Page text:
A mere two years ago, I was crippled with anxiety over my fall 1L grades. The importance I attached to my grades at the time wasn’t for the usual reason—Early Interview Week—but rather because I was intent on transferring to a school outside of Virginia.
Fast-forward through an internship at EPA, a whirlwind year at a new school, and another internship at a firm, and I now find myself facing the last semester of law school. Relief? Yes. Excited? Absolutely. And yet, I am bittersweet about the prospect of leaving school forever.
3L year is hectic—juggling classes, extracurriculars, and bar prep—but it’s also the last opportunity to be a student. By October, I will be in an office working long hours as a junior associate. I won’t have the opportunity to take classes that might not be particularly useful to my field but are fascinating. Rather than taking a step back, I encourage everyone to go full throttle during their last semester of law school. Interested in a clinic but daunted that it will take up 12 hours of your week? Go for it! Want to get into a class, albeit a four-credit one, taught by a highly rated professor? Take it!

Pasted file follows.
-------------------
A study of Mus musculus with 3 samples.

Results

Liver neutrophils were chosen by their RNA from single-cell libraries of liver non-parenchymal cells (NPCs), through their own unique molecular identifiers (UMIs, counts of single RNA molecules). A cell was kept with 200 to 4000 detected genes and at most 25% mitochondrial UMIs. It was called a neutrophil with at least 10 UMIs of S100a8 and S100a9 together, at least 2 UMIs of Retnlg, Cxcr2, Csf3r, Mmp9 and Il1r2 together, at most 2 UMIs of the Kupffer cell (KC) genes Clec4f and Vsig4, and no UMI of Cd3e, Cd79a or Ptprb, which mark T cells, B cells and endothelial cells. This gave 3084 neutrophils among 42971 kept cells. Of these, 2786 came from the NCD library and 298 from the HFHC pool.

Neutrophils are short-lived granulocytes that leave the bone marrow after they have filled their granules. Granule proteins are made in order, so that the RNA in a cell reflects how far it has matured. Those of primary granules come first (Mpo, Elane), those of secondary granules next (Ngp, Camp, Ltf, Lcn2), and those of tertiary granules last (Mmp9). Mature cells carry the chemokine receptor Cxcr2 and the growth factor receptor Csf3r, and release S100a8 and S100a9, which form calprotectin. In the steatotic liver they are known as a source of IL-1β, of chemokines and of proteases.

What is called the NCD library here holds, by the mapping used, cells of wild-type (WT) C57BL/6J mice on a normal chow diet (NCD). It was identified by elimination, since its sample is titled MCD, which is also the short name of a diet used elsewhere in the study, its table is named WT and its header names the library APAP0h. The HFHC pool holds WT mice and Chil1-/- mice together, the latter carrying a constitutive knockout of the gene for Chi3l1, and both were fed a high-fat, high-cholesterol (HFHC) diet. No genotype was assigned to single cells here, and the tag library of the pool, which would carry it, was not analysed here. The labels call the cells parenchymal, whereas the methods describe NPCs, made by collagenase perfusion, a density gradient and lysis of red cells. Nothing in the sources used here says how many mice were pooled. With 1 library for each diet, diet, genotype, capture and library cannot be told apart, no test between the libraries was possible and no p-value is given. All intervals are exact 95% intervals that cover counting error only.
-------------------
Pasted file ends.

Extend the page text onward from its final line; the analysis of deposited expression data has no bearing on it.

By this time in your law school career, you’ll have taken most of the classes you need for your field. As someone who chose to do litigation, I have and am continuing to take classes that will help me, such as Evidence, Criminal Procedure, Conflict of Laws, and Complex Litigation. But I still have plenty of room in my schedule to take classes for “fun.” One class I took last semester that is particularly iconic, given the Law School’s proximity to SoHo, is Fashion Law and Business, which is offered jointly by NYU Stern. Each class began with a guest speaker, ranging from the general counsel of Warby Parker to fashion designers, and ended with an eye-opening discussion of legal cases involving major fashion brands.
Another class I am taking for “fun” this semester is Family Law with Professor Melissa Murray. While I don’t see myself practicing family law in the future, I really wanted to take a class with Professor Murray after hearing of her fantastic Constitutional Law class. So far, I have no regrets taking this four-credit class. The lectures are current (she’s very much on top of pop culture), stimulating, and full of fascinating cases like Obergefell v. Hodges (the Supreme Court case that legalized same-sex marriage nationwide).
Especially for transfer students like me, this semester marks the beginning of a journey that was too short to begin with. It’s the last semester to take advantage of all the opportunities NYU Law offers, opportunities that we may not have had at our first school. I strongly encourage you to seek out classes you’re passionate about, classes that will remind you why you decided to come to law school in the first place.